Police decry watchdog's description of pro-force rally as a 'political event'
Objections filed against police complaints council chief as dozens of retired officers plan second protest following Mong Kong mayhem
Samuel Chan and Stuart Lau
Police officers are stepping up their opposition to remarks made by a senior official from the force's watchdog describing a pro-police rally last weekend as a political event.
Dozens have filed complaints, including to the Ombudsman, over the words of Ricky Chu Man-kin, secretary general of the Independent Police Complaints Council (IPCC).
Meanwhile, up to 40 retired officers were planning a new protest in the city following the mayhem that erupted at Sunday's Mong Kok rally. They intended to gather at the IPCC's office, although no date had been fixed yet, said former policeman Yeung Yiu-ming.
One council member hit back at the complaints, calling the force's official statement on Thursday "incomplete" in denying the political nature of the rally.
Officers accused the independent supervisory body of failing to maintain impartiality. "It's like the judge coming out before the trial and saying these guys are guilty," said former senior superintendent Kevin Laurie, who complained yesterday to the IPCC.
Laurie compared Chu's comment to a "public trial". He said Chu should apologise to the public and should steer clear of any subsequent investigation into how the force defined the event.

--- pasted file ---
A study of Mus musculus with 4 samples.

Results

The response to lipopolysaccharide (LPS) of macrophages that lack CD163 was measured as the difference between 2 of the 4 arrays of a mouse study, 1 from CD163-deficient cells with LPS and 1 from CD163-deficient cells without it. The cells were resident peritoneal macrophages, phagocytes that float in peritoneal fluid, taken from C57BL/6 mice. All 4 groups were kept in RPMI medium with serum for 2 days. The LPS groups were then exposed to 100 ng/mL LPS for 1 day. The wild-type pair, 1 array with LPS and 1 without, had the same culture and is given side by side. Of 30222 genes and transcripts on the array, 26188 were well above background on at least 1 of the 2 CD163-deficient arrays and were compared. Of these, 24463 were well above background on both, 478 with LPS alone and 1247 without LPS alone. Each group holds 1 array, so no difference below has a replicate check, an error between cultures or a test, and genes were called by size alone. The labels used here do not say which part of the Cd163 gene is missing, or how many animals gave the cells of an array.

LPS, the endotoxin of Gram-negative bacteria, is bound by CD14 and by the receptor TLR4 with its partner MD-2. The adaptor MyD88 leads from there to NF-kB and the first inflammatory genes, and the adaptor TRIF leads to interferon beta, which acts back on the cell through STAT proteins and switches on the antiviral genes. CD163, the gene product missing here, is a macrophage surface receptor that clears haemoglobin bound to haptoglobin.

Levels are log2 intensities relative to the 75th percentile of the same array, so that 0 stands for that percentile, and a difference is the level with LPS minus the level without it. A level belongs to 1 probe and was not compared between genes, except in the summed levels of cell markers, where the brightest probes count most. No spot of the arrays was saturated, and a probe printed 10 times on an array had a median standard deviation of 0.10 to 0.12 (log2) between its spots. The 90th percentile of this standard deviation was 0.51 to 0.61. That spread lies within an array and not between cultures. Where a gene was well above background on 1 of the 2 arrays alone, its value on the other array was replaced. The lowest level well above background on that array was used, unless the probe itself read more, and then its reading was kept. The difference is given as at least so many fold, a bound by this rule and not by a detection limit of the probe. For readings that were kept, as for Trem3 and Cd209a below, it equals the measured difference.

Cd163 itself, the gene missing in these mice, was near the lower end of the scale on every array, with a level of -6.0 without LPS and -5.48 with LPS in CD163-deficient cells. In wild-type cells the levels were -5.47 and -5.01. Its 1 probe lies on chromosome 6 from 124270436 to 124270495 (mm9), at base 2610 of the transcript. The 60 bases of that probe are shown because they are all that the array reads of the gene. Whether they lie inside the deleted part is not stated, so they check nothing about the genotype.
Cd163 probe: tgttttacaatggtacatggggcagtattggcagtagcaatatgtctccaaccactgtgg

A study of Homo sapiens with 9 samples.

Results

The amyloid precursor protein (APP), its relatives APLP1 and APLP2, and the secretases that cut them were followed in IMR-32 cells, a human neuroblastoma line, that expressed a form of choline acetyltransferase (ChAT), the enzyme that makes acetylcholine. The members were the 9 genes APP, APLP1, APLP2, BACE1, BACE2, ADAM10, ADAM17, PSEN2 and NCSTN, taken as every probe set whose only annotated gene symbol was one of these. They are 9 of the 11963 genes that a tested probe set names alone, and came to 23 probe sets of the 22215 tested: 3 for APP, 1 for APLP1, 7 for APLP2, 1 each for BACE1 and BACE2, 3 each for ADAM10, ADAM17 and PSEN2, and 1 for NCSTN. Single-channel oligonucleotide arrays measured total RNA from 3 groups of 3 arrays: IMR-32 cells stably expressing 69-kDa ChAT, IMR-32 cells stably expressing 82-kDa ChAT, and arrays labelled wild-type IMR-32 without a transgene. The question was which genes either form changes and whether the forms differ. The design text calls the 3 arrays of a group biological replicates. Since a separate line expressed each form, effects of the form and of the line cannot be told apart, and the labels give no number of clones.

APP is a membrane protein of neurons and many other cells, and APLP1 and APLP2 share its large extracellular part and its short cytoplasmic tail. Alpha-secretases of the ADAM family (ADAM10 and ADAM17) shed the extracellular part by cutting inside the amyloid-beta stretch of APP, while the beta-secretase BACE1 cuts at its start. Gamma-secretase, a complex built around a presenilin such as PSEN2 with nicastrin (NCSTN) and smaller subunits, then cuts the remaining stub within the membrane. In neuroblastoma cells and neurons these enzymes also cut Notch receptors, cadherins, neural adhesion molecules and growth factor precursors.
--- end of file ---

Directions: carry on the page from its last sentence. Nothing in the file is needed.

The pro-police rally was held on Sunday in Mong Kok, triggered by teacher Alpais Lam Wai-sze swearing at officers last month.
It drew off-duty and retired officers, believed to number in the hundreds, and also prompted a counter-rally in support of Lam. Both events together attracted a 2,800-strong crowd to the area.
Chu said on Tuesday that the rally was of a political nature.
By yesterday morning, the IPCC had received 64 complaints against its secretary general.
The Office of the Ombudsman received fewer than 10 complaints, although the IPCC does not fall within the remit of the Ombudsman.
The IPCC said any staff member who was involved in a complaint would not take part in handling the criticism. It declined to comment on the matter, to ensure the impartiality of its complaint handling mechanism.
On Thursday, Chief Executive Leung Chun-ying and Chief Secretary Carrie Lam Cheng Yuet-ngor threw their weight behind the police. That same day, the police issued a statement saying the rally was not a political activity restricted by the general orders that govern officers' behaviour.
IPCC member Eric Cheung Tat-ming said the statement failed to address other important aspects of the force's regulations.
Cheung, a legal scholar at the University of Hong Kong, cited the general orders, which say an officer "shall at all times abstain from any activity which is likely to interfere with the impartial discharge of his duties, or which is likely to give rise to the impression among members of the public that it may so interfere".
"It is not limited to political activities," he said. "Also, the regulation applies to events that could lead to the public having the impression that the force's impartiality is compromised."
Tung Yiu-ming, vice-chairman of the Junior Police Officers' Association, said it would not write to the council to express concerns over Chu's comment. "We dropped the matter after receiving full support from the police management and the chief executive," he added.